Entropy and exergy are the central concepts in thermodynamics, and many researchers have used them to characterize ecosystem development. However, quantitative analysis of the relationship among exergy destruction, canopy surface temperature, and net radiation from the view of thermodynamic laws has rarely been conducted.
Researchers from Xishuangbanna Tropical Botanical Garden (XTBG) analyzed the relationship among entropy production (exergy destruction), net radiation, and canopy surface temperature based on thermodynamic laws, and verified it with long-term monitoring data of Xishuangbanna tropical seasonal rain forest. They aimed to further understand the relationships between thermodynamic concepts and ecological indicators, i.e. net radiation and canopy surface temperature.
Generally, the specific entropy production was lower during the rainy season and higher during the dry season of the tropical seasonal rain forest. It decreased from April and reached the lowest level during August and September. The entropy budget of the forest was positive and stable throughout the year.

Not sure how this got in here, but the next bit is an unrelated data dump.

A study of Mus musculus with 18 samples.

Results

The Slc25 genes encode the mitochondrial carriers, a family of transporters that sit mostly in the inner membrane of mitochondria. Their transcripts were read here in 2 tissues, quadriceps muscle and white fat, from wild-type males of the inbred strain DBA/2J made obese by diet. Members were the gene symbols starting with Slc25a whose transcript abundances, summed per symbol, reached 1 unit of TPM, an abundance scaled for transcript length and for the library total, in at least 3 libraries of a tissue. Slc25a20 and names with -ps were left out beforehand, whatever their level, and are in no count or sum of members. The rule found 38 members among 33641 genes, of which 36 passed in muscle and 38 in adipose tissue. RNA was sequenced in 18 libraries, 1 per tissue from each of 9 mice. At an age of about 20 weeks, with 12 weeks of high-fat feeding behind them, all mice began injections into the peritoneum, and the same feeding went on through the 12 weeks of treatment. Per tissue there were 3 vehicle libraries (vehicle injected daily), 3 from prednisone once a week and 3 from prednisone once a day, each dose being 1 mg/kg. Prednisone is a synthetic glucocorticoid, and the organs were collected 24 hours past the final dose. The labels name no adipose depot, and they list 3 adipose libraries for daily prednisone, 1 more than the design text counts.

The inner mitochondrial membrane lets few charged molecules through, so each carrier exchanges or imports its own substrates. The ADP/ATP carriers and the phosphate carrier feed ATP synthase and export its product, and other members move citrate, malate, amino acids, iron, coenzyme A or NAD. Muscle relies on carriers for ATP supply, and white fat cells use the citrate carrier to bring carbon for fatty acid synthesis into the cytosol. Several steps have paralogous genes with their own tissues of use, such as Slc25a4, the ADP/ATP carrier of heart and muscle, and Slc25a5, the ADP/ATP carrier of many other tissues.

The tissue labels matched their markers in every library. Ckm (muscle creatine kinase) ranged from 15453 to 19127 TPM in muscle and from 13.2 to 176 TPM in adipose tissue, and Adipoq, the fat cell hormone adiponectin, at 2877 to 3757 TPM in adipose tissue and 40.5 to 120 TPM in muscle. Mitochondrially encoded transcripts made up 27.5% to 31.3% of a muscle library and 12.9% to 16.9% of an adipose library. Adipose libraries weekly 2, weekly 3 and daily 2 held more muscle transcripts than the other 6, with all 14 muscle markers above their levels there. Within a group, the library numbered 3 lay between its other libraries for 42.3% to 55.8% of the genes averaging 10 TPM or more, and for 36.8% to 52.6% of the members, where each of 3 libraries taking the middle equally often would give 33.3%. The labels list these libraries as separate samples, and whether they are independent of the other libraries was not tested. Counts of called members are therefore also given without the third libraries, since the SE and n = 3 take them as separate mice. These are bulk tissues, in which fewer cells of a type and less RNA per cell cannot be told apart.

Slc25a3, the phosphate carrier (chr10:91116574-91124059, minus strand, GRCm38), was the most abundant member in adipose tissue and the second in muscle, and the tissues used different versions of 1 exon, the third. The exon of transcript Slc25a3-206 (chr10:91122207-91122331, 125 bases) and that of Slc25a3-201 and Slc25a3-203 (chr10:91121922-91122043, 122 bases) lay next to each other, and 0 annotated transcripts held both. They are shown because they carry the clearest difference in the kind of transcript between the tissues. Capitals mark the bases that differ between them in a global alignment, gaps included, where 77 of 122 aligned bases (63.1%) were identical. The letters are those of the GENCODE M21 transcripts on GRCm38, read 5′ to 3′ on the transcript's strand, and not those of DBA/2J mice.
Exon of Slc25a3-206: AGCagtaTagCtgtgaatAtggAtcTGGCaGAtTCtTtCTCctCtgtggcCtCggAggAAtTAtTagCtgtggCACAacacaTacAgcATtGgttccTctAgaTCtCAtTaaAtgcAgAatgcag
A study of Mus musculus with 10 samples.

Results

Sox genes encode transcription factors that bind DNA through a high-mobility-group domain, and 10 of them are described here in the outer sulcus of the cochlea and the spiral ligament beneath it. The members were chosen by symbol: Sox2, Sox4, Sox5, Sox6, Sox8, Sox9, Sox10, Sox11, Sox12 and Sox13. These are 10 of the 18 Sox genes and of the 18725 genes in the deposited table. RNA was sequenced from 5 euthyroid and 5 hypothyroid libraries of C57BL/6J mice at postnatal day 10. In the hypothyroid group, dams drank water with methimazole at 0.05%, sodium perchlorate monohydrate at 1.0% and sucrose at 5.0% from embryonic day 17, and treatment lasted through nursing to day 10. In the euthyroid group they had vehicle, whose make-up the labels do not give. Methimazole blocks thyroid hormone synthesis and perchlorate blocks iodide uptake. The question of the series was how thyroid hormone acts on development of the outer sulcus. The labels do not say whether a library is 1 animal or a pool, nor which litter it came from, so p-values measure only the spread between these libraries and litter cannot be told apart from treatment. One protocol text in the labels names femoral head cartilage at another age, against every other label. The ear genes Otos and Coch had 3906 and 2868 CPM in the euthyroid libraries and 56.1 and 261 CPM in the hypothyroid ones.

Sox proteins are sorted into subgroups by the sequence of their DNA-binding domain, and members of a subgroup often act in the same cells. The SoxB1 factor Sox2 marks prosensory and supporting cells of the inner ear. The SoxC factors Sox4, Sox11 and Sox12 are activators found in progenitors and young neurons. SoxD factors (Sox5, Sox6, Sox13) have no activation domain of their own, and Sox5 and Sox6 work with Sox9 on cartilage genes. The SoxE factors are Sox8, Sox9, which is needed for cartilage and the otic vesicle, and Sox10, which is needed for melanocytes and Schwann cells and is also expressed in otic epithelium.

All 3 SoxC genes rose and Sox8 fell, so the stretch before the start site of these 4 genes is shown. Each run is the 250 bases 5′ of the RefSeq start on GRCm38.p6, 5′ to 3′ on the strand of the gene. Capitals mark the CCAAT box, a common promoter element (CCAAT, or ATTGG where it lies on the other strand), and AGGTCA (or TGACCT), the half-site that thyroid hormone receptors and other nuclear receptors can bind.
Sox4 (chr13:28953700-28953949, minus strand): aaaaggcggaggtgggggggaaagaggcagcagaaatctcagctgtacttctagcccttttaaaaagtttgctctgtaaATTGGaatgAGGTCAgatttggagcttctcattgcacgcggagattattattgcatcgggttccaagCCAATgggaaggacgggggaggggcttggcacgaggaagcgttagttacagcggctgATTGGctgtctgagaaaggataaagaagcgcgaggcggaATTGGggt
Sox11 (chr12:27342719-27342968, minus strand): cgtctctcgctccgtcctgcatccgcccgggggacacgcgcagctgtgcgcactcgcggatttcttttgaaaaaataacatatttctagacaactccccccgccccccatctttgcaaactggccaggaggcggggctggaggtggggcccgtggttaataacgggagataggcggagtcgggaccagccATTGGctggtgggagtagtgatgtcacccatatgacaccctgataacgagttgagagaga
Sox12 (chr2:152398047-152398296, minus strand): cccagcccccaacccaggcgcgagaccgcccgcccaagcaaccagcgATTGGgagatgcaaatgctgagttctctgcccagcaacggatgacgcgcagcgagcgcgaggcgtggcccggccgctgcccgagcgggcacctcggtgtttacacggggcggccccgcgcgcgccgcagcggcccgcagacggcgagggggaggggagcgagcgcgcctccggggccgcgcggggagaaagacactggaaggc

The empirical data showed that entropy production decreased linearly with increasing canopy surface temperature, and that higher incoming shortwave radiation produced more entropy. Entropy production linearly increased with net radiation Total entropy production increased, but specific entropy production reduced with forest growth.
The results showed that exergy destruction, entropy production, net radiation, and surface temperature are highly correlated. As compared with exergy destruction and entropy production, net radiation and canopy surface temperature are more perceivable.
Moreover, the measurements of net radiation and canopy surface temperature are more direct and accurate than those of the related indicators of entropy and exergy.